The outlook for the UK financial services sector is better than many had hoped, the findings showed, but challenges remain in the the consumer credit, residential mortgage and business lending markets.
Equity markets should still perform well in the year ahead, despite recent turbulence as the worldwide uptick in GDP growth continues to support asset prices, the forecast said. Fixed income assets such as bonds are also going to benefit from gradual hikes in interest rates from the Bank of England, along with tighter monetary policy from the European Central Bank and the US Federal Reserve.
Consumer credit is expected to slow for the first time in five years, however, dropping to 3pc and then 2.8pc in 2019. This would be a sharp fall from the 8pc growth of 2016, and 6.9pc in 2017, and a sure sign of consumers reining in spending.
The drop off may also be a result of efforts from Bank of England policymakers to address what Governor Mark Carney described as a “pocket of risk” arising from high growth rates in unsecured borrowing, which could leave high street lenders vulnerable to economic shocks. As a result banks appear to have clamped down on their criteria for unsecured lending.
Inflation is set to fall from 2.5pc this year, down from 2.7pc in 2017, according to EY Item Club.
This will ease the pressure on household budgets, but there will not be a sudden uptick in real disposable incomes. The analysis predicts only a 1.2pc rise in spare cash in 2018, putting a fairly tight limit on consumer spending power. Retailers can only look forward to a 1.3pc lift in consumer spending, still well below the 1.7pc seen in 2017 and the 2.9pc boost of 2016.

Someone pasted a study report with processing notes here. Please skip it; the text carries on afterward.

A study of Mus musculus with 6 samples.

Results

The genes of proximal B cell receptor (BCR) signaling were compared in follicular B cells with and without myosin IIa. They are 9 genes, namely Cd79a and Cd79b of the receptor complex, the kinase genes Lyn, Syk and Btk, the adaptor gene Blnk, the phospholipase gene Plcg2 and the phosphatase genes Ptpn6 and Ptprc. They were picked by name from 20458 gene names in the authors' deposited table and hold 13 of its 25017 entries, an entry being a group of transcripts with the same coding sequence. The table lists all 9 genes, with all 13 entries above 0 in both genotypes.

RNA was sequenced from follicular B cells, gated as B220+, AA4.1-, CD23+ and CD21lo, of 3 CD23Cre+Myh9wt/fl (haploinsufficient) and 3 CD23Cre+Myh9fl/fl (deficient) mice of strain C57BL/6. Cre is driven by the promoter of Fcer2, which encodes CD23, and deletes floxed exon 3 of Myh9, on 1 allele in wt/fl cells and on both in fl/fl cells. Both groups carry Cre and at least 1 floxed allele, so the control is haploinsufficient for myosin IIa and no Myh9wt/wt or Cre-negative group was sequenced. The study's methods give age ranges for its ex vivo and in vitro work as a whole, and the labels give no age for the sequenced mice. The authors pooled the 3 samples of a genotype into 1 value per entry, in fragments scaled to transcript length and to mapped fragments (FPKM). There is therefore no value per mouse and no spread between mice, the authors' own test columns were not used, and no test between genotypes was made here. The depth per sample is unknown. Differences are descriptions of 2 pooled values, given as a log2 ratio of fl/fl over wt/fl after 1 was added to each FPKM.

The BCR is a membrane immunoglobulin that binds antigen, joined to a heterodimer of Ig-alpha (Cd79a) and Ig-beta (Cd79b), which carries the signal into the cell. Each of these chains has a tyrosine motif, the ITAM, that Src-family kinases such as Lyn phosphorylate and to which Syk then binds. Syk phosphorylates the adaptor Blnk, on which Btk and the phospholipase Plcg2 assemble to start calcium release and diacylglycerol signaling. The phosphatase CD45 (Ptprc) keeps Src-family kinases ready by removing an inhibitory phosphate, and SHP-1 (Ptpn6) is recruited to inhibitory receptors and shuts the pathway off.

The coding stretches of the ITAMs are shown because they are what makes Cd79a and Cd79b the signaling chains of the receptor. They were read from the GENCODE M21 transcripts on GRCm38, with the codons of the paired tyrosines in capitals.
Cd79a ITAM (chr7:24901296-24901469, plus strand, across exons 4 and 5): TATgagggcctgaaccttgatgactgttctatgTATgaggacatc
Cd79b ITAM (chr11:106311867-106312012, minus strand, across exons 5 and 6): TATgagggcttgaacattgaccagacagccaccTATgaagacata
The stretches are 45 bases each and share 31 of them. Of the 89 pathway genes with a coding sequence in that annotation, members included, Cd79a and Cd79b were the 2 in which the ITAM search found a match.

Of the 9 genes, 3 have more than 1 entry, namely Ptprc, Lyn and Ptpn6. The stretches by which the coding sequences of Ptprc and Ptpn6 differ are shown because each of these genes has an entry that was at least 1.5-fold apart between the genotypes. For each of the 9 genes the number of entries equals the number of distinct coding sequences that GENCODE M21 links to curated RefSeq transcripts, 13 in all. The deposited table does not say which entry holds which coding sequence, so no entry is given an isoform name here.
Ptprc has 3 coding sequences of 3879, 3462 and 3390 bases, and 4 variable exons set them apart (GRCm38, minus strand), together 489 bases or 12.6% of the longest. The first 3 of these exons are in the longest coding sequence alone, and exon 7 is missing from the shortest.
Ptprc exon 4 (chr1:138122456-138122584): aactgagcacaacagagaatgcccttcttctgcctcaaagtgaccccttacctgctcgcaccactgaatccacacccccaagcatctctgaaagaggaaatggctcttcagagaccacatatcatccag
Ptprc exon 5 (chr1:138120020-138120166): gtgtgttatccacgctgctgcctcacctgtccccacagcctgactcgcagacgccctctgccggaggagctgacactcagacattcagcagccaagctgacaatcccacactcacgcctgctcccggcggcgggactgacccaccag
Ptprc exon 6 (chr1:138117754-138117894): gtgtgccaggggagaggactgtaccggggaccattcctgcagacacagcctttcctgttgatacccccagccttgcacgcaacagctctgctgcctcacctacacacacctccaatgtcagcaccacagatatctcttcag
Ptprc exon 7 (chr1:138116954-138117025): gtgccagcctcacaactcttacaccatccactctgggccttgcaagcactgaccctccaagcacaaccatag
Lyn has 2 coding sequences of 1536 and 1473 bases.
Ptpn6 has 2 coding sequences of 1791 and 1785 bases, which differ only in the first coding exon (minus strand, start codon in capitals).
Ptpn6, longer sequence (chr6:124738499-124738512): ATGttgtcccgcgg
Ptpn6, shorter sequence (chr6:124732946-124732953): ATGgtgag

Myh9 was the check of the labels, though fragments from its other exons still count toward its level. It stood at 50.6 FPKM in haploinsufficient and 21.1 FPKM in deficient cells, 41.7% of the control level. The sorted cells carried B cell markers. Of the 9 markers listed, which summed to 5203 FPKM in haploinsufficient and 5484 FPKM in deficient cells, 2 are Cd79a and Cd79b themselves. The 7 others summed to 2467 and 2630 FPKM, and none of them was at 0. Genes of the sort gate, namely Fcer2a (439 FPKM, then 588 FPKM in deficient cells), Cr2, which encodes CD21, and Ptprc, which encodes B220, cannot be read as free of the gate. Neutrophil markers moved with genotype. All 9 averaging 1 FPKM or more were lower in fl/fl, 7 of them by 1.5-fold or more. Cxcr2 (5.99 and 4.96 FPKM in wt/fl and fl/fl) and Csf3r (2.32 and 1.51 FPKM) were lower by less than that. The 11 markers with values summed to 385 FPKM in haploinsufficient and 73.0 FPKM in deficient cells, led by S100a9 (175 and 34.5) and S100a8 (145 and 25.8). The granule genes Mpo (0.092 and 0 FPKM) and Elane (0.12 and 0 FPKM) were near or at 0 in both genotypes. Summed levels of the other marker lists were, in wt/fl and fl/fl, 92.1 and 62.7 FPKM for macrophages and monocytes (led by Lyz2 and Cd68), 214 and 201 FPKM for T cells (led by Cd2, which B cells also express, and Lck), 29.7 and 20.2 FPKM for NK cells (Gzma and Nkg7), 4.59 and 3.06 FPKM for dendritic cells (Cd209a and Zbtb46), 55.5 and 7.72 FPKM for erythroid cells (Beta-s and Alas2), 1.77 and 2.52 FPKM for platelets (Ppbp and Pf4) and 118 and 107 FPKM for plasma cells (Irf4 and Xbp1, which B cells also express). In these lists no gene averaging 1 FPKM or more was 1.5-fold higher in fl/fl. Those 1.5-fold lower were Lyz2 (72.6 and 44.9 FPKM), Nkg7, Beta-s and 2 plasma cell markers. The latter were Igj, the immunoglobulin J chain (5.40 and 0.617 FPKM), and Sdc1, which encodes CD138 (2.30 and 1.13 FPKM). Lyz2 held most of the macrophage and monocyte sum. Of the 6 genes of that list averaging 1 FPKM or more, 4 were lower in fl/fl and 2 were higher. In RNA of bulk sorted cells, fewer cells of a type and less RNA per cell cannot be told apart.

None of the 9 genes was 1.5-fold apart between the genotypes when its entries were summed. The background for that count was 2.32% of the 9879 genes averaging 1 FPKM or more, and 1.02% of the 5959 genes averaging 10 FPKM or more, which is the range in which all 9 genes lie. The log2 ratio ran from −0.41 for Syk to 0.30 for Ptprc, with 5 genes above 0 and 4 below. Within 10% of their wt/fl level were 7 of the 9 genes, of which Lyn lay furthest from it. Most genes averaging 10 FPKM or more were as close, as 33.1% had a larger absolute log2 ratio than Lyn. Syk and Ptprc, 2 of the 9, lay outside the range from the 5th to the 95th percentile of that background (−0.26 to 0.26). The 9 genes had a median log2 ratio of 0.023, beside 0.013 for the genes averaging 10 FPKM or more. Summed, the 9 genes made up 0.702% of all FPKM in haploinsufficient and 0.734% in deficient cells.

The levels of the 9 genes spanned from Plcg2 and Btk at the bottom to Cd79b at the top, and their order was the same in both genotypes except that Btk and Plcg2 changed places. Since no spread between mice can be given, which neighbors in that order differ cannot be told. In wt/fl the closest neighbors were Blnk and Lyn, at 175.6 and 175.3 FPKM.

Mortgage lending will have a sluggish year, growing by 2.4pc, just over half of 2017’s 4.2pc rate.
Omar Ali, of EY said: “Banks’ ability and desire to lend remains strong, and as we move towards a deal with Europe, the hope is that appetite to borrow will pick up, supported by the cut to Stamp Duty for first-time buyers.”
Auto-enrolment pensions will boost UK assets under management (AUM) in the year ahead. From April, employers’ contributions will rise from 1.pc to 2pc, reaching 3pc by April 2019. This growing pensions coverage will help continue, at a slightly slower pace the strong growth seen last year.
Assets grew by 14.6pc in 2017, reaching £1.24 trillion, equivalent to 61pc of GDP, in part thanks to a boost from the weaker pound. These factors will combine to push the total UK AUM to £1.5 trillion by 2020.
Mr Ali said that despite an improved picture, 2018 will “not be an easy year for UK financial services” as political uncertainty continues to weigh on consumer confidence. If, as hoped, a transitional on Brexit is secured however, banks can expect for a steady rise in lending again over the next few years.